Twitter Authentication Flaw Allows Hackers to Hijack User Accounts

Crooks have found a way to bypass the login attempt restrictions

By on October 2nd, 2012 11:51 GMT

If we had known that Twitter would become so popular, we would all have rushed to register the coolest handles in its early days. Cybercriminals who didn’t do so, but want to have a fancy username anyway, can apparently steal one by leveraging a flaw in the social network’s authentication system.

One of the victims of such a forceful takeover is Daniel Dennis Jones, who saw his @blanket handle being hijacked by another individual.

Initially, he noticed that he received an email notification, telling him that his Twitter password was reset. When trying to log in to his account, he found that the password he had set no longer worked.

After eventually logging back to his account, he found that all the followers and all the tweets were still there, but instead of @blanket , his username had been changed to something we would have to seriously censor.

According to BuzzFeed, Jones later learned that his name was put up for sale on a website where usernames (particularly ones for games) were commercialized.

He found that some of these rare handles were sold for around $100, while others were simply given away by the attackers to their friends.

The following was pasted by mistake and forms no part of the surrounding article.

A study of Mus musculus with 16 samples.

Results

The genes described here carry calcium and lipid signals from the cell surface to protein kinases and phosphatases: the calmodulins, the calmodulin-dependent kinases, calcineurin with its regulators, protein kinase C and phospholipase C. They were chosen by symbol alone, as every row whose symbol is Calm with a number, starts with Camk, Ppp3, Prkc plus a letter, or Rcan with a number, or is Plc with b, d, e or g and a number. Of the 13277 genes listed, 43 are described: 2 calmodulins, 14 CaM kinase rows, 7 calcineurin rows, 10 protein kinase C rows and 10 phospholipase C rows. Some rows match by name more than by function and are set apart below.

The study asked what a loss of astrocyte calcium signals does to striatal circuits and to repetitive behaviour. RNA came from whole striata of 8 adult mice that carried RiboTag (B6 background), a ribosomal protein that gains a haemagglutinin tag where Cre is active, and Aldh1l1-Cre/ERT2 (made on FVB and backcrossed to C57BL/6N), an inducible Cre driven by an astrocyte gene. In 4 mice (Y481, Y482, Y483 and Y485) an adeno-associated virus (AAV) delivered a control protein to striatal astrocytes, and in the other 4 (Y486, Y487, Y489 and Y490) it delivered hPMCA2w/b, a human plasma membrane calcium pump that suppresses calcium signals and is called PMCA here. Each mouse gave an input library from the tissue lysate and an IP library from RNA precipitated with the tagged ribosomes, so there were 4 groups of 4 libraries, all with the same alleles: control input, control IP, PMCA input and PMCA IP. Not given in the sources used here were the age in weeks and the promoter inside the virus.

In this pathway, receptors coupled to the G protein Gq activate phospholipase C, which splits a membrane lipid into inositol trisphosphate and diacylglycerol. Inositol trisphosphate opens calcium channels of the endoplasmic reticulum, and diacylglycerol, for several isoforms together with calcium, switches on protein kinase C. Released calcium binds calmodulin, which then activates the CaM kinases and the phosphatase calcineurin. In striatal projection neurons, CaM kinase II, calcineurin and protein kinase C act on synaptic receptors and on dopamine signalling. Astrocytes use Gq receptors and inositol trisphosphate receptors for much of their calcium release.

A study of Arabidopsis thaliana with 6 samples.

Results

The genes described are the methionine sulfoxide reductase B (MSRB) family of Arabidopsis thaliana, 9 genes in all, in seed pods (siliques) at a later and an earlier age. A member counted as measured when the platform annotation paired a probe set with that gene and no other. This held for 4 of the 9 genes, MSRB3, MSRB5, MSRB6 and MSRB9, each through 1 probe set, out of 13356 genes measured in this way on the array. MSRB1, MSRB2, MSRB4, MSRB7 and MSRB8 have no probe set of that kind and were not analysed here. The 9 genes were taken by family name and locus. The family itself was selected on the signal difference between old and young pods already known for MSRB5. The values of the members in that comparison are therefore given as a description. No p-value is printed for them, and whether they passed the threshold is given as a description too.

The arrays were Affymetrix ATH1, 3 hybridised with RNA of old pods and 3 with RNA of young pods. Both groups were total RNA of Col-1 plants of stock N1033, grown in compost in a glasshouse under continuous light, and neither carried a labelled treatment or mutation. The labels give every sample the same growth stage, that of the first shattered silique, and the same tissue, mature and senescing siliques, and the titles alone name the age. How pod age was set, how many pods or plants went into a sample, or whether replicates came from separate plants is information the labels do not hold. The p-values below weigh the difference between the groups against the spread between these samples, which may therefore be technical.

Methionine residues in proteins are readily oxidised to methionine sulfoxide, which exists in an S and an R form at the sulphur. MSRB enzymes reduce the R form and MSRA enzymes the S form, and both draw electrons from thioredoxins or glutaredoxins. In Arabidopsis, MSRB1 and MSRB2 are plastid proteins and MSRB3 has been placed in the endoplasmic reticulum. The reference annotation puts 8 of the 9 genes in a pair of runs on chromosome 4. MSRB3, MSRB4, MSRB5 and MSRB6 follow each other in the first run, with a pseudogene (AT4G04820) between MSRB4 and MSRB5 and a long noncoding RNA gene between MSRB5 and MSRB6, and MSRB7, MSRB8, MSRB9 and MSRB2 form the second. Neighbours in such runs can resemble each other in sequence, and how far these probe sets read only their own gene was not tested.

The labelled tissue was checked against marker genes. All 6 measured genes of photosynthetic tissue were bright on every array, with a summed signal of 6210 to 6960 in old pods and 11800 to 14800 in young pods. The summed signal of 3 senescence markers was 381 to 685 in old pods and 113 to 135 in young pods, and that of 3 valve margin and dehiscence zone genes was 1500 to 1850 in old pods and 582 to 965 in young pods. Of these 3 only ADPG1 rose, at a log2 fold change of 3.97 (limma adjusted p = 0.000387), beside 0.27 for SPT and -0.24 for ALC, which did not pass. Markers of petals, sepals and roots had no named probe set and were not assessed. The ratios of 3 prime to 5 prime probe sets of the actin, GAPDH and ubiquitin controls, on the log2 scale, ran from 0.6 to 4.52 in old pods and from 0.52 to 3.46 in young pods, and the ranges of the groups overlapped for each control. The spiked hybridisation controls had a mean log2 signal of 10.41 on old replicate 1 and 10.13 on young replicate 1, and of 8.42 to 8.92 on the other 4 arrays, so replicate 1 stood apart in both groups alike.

In the end, Twitter gave Jones back his @blanket name, but in the meantime, other users came forward reporting to have experienced the same issues.

So how could this have happened?

Apparently, the hacker has utilized a piece of software that repeatedly tests common passwords against the account. This type of brute force attack is possible because Twitter only limits the login attempts if they come from the same IP address.

Most websites have implemented a system that prevents potential crooks from hijacking accounts by trying out random passwords. However, since Twitter only prevents multiple login attempts from the same computer, attackers can try out as many passwords as they want as long as they change their IP address.

Jones admitted that his password was not strong, which is most likely why the attackers have managed to compromise his account.